In 2017, Brandon McGinley wrote this in the Washington Post:
The elderly man who scanned my purchases at Target this week concluded our brief interaction with the valediction “Merry Christmas!” There was just a touch of mischief in his voice; he seemed to delight in saying the phrase, especially as an employee of a corporation known for its progressive politics.
It seems that President Trump would approve. He has alternately attracted scorn and approbation from the likely places for pointedly including the traditional greeting in public statements and encouraging others — especially retail workers — to do so as well. In fact, at an event in Utah, he recently declared that Christmas is “bigger and better than ever” on his watch.
On one hand, this attempt to politically capitalize on Christmas is simply part of the president’s cynical and ham-fisted pantomiming of Christian politics. But it also emerges from a view of the way personal interactions are supposed to work that Trump imports from his particular brand of business experience. If, as the president seems to think, nearly every interaction and relationship is defined by antagonistic negotiation, then sensitivity to the emotions and desires of others is at best superfluous and at worst a childish and counterproductive vice.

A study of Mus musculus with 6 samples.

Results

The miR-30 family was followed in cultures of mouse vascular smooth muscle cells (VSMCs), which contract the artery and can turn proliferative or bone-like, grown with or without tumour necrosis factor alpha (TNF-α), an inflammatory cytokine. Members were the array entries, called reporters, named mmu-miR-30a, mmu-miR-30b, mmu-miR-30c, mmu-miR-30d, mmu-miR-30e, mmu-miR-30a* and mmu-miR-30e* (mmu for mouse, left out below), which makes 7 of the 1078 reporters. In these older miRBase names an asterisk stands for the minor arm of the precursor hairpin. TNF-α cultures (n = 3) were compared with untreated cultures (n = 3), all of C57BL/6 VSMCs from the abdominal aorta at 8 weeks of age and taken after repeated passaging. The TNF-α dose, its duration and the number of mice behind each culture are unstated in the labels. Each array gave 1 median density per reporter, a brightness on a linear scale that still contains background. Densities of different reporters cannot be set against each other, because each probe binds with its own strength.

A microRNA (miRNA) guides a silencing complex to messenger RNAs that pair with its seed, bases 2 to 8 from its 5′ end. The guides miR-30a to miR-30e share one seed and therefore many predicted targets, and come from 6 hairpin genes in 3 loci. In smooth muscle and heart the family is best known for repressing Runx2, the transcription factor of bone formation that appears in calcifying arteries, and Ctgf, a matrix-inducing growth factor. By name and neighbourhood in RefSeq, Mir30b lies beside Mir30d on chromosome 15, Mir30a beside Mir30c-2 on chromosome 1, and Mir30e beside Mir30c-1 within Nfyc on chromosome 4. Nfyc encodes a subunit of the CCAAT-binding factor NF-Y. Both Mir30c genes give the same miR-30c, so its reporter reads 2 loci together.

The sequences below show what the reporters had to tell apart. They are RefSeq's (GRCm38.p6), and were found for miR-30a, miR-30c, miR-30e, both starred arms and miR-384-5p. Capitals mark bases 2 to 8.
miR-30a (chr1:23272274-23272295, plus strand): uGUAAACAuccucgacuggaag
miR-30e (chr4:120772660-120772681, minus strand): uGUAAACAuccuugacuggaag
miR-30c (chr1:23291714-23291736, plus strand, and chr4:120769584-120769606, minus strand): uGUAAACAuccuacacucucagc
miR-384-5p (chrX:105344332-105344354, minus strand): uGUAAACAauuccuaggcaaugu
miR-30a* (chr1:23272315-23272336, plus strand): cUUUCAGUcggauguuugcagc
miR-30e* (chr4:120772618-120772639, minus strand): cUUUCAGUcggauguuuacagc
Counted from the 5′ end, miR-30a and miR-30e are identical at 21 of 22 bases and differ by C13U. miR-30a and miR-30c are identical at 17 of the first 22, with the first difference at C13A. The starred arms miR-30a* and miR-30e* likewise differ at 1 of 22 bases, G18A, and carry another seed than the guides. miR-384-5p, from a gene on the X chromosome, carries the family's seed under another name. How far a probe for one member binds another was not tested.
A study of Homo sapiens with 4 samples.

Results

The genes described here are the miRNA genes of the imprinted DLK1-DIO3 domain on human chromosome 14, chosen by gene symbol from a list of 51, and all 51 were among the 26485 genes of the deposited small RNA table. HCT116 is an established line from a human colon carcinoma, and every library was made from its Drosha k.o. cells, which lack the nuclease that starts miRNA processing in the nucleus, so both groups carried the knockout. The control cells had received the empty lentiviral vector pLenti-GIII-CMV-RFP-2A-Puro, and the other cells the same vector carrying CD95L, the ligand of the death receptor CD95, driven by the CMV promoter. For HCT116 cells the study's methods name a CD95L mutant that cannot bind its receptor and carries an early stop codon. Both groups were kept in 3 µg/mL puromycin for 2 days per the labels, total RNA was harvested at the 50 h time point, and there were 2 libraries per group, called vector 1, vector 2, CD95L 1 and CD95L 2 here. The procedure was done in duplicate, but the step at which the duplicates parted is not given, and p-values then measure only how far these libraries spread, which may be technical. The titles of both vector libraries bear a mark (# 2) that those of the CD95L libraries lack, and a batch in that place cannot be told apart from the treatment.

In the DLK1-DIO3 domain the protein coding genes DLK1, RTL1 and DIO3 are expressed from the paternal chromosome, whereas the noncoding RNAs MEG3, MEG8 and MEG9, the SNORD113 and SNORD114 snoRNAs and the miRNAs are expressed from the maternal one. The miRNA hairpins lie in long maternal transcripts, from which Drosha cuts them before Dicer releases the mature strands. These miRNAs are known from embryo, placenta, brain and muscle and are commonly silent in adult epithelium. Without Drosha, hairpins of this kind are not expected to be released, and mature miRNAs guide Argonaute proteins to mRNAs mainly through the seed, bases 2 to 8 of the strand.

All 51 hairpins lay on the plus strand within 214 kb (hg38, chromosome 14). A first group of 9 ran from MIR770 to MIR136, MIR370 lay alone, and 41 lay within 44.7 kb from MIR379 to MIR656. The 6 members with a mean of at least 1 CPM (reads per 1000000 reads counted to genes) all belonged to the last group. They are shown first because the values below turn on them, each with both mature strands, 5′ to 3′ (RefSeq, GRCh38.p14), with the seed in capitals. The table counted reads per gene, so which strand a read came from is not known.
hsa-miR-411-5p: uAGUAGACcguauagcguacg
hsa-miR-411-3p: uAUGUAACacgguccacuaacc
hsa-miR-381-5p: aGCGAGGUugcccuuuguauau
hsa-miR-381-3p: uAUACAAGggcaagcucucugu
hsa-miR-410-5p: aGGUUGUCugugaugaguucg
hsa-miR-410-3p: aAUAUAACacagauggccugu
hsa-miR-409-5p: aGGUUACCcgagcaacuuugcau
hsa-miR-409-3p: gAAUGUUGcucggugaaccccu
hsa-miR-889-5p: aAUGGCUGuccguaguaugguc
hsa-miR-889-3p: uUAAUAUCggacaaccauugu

This combines Trump-hate with the idea that it's normal, Christian Americans who have started the War On Christmas. But it does say that saying "Merry Christmas" isn't an affront. At the end of 2018, Russian-Jewish immigrant Julia Ioffe [Email her] declared, also in the Washington Post, that it is an affront: Please don’t wish me ‘Merry Christmas’ | It’s impolite and alienating to assume I follow your religion, December 21, 2018. (See more on ths from me, Steve Sailer, and Tom Piatak.)
My question is "What will they do for 2019?"